Apple, it seems, has acquired U.K. company Semetric and its Musicmetric analytics platform, which could allow Apple to keep better track of what people listen to.
There is little doubt that Apple has plans to step up its music push following last year's acquisition of the Beats headphone vendor and streaming music service for about US$3 billion. The acquisition of Semetric hints that Apple has larger plans for its future offerings, and associated services.
Earlier this month Semetric changed its registered address, as recorded at the U.K.'s Companies House, to the same one as Apple Europe. The move was first spotted by Music Ally, which also pointed out that Semetric has a new director: Gene Daniel Levoff of 1 Infinite Loop, Cupertino, California -- Apple's global headquarters.
Apple hasn't confirmed the deal, and did not immediately respond to a request for comment.
What Apple might use Semetric's platform and know-how for remains to be seen, but Musicmetric would allow it to dig deep into user behavior. The Musicmetric Pro offering first gives a quick snapshot of how an artist is performing online. It is then possible to drill down to keep track of downloads, demographics and see what's happening on social networks and BitTorrent.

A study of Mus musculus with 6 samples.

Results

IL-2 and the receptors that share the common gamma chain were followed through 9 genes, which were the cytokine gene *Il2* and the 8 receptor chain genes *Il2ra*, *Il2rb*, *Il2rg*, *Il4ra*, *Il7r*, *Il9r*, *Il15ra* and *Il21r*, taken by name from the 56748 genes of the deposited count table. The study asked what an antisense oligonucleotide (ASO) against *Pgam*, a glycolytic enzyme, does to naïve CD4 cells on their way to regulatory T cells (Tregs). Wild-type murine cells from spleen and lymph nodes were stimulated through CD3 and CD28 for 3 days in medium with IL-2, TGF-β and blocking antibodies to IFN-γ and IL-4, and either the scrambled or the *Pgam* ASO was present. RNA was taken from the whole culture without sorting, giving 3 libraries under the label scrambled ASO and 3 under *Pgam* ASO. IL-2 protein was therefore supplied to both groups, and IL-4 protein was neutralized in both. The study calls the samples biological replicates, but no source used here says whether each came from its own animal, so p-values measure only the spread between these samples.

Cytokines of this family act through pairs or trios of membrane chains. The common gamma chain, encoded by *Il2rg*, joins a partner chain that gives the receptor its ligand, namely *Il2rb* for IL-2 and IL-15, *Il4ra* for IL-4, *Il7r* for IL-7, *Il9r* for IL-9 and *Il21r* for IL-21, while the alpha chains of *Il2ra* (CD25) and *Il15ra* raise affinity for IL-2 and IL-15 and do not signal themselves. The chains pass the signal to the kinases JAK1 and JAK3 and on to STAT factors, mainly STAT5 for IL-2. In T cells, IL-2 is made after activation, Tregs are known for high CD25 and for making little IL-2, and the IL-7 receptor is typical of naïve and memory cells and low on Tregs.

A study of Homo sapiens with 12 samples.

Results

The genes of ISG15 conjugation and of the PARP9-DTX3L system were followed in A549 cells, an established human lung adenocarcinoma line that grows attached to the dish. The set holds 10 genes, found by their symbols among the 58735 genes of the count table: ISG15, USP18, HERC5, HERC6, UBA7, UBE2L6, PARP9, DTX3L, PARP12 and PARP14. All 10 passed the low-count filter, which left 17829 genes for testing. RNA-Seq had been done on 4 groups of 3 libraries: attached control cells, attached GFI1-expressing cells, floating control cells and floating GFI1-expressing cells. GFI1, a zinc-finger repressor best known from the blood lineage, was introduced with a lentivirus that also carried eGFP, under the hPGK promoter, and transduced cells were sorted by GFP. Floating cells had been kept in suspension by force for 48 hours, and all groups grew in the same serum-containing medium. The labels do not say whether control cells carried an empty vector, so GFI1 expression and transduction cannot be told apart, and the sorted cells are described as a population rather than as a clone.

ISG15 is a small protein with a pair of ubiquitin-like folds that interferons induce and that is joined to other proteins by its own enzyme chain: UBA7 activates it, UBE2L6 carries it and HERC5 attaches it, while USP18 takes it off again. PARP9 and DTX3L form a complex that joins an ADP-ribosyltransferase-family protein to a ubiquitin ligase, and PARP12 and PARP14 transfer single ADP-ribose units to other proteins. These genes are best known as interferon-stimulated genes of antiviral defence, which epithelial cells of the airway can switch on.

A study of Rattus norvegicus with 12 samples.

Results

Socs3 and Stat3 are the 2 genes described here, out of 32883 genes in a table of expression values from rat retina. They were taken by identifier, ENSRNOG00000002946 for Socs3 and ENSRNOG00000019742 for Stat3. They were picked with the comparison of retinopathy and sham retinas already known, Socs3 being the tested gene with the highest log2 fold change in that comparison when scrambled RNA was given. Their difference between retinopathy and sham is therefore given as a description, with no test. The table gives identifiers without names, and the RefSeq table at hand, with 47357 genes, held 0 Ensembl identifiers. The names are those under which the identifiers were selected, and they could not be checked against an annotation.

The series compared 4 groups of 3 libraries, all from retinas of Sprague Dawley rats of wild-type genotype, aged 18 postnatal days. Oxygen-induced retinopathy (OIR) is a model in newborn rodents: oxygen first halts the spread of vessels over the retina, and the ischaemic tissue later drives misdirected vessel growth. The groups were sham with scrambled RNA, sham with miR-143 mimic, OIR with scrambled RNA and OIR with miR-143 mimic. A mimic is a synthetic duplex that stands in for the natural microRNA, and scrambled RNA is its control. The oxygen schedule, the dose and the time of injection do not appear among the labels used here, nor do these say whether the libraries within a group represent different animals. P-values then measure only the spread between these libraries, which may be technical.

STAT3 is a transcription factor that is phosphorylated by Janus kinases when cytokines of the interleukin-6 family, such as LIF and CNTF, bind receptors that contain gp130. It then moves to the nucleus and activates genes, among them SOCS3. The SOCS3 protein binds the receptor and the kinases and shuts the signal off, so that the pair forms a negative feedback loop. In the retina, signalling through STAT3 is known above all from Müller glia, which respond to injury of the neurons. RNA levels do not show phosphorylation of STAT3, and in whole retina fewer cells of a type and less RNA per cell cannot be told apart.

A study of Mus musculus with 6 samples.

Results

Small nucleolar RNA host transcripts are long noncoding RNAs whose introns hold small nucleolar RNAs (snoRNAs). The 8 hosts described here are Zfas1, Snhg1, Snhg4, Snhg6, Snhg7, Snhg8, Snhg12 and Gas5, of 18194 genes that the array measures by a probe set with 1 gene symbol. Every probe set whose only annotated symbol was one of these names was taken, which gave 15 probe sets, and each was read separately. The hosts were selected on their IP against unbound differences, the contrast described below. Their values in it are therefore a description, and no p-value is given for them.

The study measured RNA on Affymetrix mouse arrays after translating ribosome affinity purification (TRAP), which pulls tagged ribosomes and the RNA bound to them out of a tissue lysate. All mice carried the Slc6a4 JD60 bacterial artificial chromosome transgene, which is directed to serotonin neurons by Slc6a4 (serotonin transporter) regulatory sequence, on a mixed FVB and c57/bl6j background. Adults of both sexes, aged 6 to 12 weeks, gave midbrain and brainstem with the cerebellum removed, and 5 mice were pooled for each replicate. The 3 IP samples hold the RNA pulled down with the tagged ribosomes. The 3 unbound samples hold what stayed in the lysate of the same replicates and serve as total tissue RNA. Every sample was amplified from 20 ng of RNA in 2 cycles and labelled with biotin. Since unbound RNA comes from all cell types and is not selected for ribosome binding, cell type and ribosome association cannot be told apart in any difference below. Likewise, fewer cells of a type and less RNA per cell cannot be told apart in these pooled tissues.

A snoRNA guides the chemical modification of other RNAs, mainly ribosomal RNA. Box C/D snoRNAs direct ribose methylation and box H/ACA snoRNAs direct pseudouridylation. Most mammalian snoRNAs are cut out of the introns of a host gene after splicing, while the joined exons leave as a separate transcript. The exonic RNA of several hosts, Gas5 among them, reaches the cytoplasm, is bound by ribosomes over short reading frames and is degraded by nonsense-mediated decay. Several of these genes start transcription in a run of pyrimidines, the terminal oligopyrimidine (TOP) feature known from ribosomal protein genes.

Musicmetric Pro can also be integrated with iTunes (so the two companies aren't new acquaintances), Spotify, Facebook Insights and Google Analytics data for even more in-depth analytics.
Integrating Musicmetric would possibly help Apple make its own offerings more attractive to artists and labels, which depend on analytics to see how they can make the most of new albums and songs. The future success of music services won't just depend on attracting as many users as possible, but also making them as attractive as possible for labels and artists. Having a strong analytics platform would help with that.
Apple could also use the underlying technology to help improve recommendations for users of its services.
In addition to music, Semetric's platform can also be used to analyze the use of television, film, eBook and videogame services, which makes the company an even better fit for Apple.